In the perpetual foodie rivalry between West and East coasts, there’s one battle that’s worth a taste test: Mission Chinese. After the flagship was opened by restaurateur Anthony Myint and Korean-American chef Danny Bowien in San Francisco’s hip Mission District in 2011, New York’s Lower East Side neighborhood welcomed its sister outpost in May this year.
Lauded for its traditional neo-Sichuan specialties fused with a street food vibe, we sent two Jetsetters to find out which restaurant is the real Kung Pao. Nikki Ridgway got in line in NYC, while Jess Blumensheid visited the original spot in San Francisco. Here they compare notes.
Five reasons to eat Mission Chinese SF:
1. It’s a classic. Opened by Danny Bowien and Anthony Myint in February 2011, the world’s first Mission Chinese has a hella-cool vibe that’s hard to replicate. Think a waitstaff donning neon stretchy garb, rickety fake wood laminate-topped tables, dim party lights, blasting Asian dance music and abiding whiffs of salted meats and roasted peanuts.
2. $3 Tsingtao. Wait, what? $3 Tsingtao?! That can’t even get you a slice at Two Boots in NY! True there’s no Brooklyn Lager at the flagship Mission Chinese, but for half the price of tap beer and a more authentic taste, who can complain?
3. The Loo. Going to the bathroom at the SF flagship has become part of local lore. The trek from the punk-blasted dining room to the kitchen where clinking woks stifle sounds of traditional zhongruan on the radio is a real trip. Although you’ll want to kiss the cook after trying the Westlake rice porridge, don’t disobey the “Don’t talk to the cooks” sign. It’s there for a reason.
4. No reservations, no problem. In SF, the two- and four-top tables are a hot commodity that are turned over as quickly as they’re served, so even though you might have to wait outside an hour (or two, on a Saturday), you’re guaranteed to get your salt cod fried rice within minutes.
5. More bang for your buck. Lucky for New York, most of the classic menu items are offered coast-to-coast, but the prices aren’t. Order Beijing vinegar peanuts, Ma Po tofu, Kung Pao pastrami, salt cod fried rice and the sizzling cumin lamb breast, all for $48. That leaves you about $6 (or two Tsingtaos) richer in SF.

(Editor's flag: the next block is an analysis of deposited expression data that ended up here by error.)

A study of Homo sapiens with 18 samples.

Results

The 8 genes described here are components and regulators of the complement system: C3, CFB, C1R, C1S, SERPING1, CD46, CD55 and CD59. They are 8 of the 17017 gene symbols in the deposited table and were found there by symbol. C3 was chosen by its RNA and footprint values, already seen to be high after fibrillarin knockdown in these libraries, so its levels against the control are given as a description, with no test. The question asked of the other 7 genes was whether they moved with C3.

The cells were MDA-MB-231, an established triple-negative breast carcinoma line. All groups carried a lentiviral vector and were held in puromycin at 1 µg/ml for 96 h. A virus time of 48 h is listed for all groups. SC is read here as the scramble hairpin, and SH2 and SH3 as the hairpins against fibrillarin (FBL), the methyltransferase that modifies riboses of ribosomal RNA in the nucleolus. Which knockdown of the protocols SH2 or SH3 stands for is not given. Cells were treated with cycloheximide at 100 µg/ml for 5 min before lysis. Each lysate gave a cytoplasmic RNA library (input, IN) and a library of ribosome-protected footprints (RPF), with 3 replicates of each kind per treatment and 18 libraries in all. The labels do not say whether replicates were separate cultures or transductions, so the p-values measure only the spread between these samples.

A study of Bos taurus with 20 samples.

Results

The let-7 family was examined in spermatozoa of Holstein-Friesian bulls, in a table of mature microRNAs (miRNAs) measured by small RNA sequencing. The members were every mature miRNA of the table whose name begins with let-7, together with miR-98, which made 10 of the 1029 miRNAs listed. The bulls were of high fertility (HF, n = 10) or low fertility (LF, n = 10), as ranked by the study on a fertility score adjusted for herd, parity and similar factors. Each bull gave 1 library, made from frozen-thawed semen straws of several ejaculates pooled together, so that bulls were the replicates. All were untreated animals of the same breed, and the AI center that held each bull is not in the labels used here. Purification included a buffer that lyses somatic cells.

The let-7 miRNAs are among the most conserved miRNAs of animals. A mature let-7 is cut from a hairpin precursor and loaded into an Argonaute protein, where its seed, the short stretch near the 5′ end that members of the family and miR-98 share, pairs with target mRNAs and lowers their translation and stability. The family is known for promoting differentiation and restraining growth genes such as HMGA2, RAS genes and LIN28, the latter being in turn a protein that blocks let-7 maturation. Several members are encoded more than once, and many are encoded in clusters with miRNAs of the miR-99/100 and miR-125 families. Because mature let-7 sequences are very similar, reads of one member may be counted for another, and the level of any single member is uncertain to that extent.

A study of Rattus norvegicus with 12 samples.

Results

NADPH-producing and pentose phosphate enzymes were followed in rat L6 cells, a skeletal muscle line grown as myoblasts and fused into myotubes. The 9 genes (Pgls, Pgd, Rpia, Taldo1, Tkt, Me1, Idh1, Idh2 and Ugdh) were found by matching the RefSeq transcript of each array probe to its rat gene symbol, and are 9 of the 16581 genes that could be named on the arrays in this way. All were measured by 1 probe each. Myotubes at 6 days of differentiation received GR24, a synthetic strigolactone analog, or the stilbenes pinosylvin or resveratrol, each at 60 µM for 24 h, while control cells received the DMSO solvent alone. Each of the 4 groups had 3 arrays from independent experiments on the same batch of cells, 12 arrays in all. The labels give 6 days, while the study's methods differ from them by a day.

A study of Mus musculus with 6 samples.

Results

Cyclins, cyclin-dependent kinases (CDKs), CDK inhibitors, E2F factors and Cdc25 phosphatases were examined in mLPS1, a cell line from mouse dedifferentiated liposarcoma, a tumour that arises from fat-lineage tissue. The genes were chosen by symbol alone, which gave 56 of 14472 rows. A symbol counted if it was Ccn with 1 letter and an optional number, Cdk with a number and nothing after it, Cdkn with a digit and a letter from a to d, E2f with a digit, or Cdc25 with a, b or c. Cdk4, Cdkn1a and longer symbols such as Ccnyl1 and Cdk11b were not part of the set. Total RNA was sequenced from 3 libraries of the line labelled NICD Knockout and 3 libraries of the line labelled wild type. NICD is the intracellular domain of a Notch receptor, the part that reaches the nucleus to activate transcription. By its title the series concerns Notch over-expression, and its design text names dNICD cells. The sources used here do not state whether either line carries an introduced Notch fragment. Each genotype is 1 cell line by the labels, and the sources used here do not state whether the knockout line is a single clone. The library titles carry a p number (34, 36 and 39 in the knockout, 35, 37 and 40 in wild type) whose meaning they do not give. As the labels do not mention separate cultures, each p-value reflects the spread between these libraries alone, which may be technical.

Five reasons to eat Mission Chinese NY:
1. Two-flames trendy. New in New York is a short-lived tag, but Mission Chinese will ride out summer 2012 as white-hot as its Thrice Cooked Bacon. Go now for a side of the scene and return in the fall for everything else on the menu.
2. Some reservations. A Manhattan restaurant that accepts reservations is the mythical mate of a Midtown cab at 4 p.m. Yes, you have to email weeks in advance, and then wait a bit once you arrive, but somewhere behind Mission Chinese’s claret curtain, your name is on the list.
3. Beer. It’s on tap in two varieties (Brooklyn and Sixpoint Crisp) for diners and gratis in a keg for those in line in the tiny storefront. Extra points for the still and fizzy water served in glass bottles at no extra cost.
4. Disco 2000. After adjusting your eyes to the pink lighting, admire the mismatched furniture, kitschy lanterns and silk dragon draped across the ceiling during the three minutes it takes for your food to arrive. After that it’s eyes down until the check appears.
5. Clean plates. You’ll over order and then you’ll eat the lot. The pork jowl and radishes, broccoli beef and thrice cooked bacon were table favorites, but it was the veggie dishes — stir-fried sweet peas, spicy Mongolian long beans and cold noodles — that will have me at the back of the line for round two.